From the Times
While cautioning that there were still big uncertainties about exactly how severely Britain will be affected, Mr Benn said that many changes, including an increase in average summer temperatures of 2C by 2040 in southern England, were now virtually guaranteed because of the build-up of stocks of carbon dioxide already present in the atmosphere, which will take 30 years or more to be worked out of the climate system.
He said the report represented a “call to action” for government, businesses and ordinary citizens. It warned that drier, hotter summers could trigger water shortages and Mediterranean-style wildfires, especially in heath and moorland areas such as parts of the Peak District.
Changing patterns in farming were also likely, with some crops unable to survive and cows and sheep dying from heat stress.
More crop damage from storms, pests and diseases was also likely, with the spread of new insects from Southern Europe.
Winters, it predicted, would be characterised by more frequent and intense rainfall with flooding more likely in cities such as Gloucester and Sheffield as well as in coastal areas, where tidal erosion would increase.
“These results are sobering and we know that these changes will affect every aspect of our daily lives,” said Mr Benn, who added: “If there are those who still don’t think climate change is happening and think we don’t need to worry and we can pull up the bed covers and it’s all going to go away, they are profoundly mistaken.
Mr Benn also acknowledged that some benefits were possible. Higher temperatures could mean a boost to tourism in some northern areas, the introduction of new crops and higher yields from others.
Ed Miliband, Secretary for Energy and Climate Change, said the report bolstered the case for Britain to act vigorously to cut its own carbon emissions and to pursue a global deal with other countries at a UN meeting in Copenhagen in December.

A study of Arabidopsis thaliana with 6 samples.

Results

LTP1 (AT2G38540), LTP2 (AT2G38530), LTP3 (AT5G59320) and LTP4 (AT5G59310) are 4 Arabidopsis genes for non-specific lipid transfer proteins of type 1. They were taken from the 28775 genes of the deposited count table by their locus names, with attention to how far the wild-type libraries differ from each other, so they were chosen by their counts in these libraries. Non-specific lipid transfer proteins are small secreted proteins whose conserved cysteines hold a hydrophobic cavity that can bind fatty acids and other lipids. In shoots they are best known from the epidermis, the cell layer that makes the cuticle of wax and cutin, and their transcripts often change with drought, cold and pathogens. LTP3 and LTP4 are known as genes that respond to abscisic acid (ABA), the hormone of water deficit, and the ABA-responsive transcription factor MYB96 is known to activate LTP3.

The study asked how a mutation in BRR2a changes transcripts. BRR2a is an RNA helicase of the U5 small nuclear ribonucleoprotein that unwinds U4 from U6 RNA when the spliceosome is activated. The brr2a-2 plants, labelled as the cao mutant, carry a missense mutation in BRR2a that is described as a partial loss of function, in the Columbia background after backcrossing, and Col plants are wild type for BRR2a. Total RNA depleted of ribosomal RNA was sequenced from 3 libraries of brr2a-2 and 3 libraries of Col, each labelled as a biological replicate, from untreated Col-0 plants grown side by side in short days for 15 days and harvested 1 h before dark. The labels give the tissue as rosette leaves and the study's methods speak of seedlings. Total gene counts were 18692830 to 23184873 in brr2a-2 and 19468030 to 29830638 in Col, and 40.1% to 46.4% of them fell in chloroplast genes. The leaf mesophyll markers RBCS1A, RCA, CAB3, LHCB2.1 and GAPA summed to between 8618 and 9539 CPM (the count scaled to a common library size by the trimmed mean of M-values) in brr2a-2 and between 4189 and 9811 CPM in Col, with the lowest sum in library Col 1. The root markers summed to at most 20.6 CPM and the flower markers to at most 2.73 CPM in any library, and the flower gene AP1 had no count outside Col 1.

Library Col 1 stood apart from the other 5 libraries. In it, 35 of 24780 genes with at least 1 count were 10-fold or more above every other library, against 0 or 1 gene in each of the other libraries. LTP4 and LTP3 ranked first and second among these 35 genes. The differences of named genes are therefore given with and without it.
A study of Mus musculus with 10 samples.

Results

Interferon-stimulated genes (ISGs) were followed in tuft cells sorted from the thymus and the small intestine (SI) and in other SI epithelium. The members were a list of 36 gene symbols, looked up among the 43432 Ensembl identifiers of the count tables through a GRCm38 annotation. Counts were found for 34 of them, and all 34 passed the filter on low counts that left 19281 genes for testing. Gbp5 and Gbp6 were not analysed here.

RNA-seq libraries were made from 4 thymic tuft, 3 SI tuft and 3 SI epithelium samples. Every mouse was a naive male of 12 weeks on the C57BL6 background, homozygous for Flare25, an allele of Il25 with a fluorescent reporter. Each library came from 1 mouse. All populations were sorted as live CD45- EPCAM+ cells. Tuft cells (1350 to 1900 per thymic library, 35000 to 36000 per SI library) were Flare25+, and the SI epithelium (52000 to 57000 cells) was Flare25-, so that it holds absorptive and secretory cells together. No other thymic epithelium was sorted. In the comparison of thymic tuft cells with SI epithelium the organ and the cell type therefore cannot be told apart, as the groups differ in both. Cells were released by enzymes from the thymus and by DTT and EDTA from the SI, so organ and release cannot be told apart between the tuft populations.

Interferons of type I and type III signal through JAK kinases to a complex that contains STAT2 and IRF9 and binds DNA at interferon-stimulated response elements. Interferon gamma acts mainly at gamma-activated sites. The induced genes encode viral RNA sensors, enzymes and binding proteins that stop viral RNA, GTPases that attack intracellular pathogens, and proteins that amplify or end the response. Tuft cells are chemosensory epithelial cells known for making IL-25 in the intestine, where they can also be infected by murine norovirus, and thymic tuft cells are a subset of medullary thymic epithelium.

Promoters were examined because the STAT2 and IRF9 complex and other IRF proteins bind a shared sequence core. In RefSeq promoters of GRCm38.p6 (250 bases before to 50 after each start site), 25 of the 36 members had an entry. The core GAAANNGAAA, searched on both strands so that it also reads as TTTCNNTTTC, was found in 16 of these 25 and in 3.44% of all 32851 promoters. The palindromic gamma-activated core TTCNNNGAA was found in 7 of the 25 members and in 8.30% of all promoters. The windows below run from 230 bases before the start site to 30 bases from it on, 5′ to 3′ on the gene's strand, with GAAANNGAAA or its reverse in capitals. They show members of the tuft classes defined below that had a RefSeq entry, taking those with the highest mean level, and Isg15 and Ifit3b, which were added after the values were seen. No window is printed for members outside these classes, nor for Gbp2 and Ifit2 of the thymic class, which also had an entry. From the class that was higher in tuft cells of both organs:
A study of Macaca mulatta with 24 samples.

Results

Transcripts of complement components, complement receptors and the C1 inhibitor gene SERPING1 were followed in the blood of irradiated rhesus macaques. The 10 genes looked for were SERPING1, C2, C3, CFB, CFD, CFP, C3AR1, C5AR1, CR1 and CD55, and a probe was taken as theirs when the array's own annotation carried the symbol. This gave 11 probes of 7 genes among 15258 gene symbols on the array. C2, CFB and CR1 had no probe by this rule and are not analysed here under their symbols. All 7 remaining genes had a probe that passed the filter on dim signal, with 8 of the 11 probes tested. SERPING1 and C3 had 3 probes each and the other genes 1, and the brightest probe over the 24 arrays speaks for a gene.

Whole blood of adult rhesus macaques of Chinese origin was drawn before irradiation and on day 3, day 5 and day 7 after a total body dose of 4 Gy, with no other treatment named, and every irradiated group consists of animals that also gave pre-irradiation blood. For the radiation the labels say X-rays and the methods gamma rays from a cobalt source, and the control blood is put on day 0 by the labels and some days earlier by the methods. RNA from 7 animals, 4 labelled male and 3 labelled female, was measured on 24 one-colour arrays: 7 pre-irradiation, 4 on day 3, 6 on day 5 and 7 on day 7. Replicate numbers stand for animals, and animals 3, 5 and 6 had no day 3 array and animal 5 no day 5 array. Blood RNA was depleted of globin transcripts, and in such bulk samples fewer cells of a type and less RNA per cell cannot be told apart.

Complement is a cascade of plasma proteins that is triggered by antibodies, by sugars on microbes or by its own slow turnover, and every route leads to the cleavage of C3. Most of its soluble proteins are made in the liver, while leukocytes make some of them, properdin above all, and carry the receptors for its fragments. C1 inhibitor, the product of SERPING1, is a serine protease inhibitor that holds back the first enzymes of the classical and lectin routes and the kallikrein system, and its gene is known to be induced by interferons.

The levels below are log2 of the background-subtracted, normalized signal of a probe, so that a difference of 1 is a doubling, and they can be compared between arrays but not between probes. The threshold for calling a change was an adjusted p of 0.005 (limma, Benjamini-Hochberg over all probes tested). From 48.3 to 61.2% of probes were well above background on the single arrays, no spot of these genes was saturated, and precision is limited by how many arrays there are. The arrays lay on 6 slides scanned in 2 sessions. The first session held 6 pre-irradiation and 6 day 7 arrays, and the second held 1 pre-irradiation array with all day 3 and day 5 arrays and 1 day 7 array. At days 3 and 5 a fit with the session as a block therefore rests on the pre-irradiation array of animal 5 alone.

The UK Climate Projections 2009 were produced by the Hadley Centre for Climate Change at the Met Office, funded by the Department for Environment, Food and Rural Affairs. They represent an update of less detailed ones made in 2002. The study sets out a range of changes based on three greenhouse gas emission projections – low, medium and high.
Under the medium forecast, by the 2080s average summer temperatures in the South East will rise by 2C-6C, while sea levels will increase by 36cm.
It also predicts a decrease in average summer rainfall of 22 per cent in Yorkshire and Humber and in the South East – which is already short of water – while the North West would experience an increase of 16 per cent in average winter rainfall.
Under the higher emission projections, London could be up to 12C warmer on the hottest days with temperatures regularly rising above 40C.
Mr Miliband pointed out that while some warming was inevitable, a successful global deal at Copenhagen to reduce emissions could yet avoid the worst outcomes in the projections.
Professor John Beddington, the Government’s chief scientific adviser, said: “We know now that some further climate change over the next two to three decades is unavoidable due to past emissions. But what the projections also show is that strong mitigation action now can start to make a real difference by 2050 and lead to very different outcomes by the 2080s.”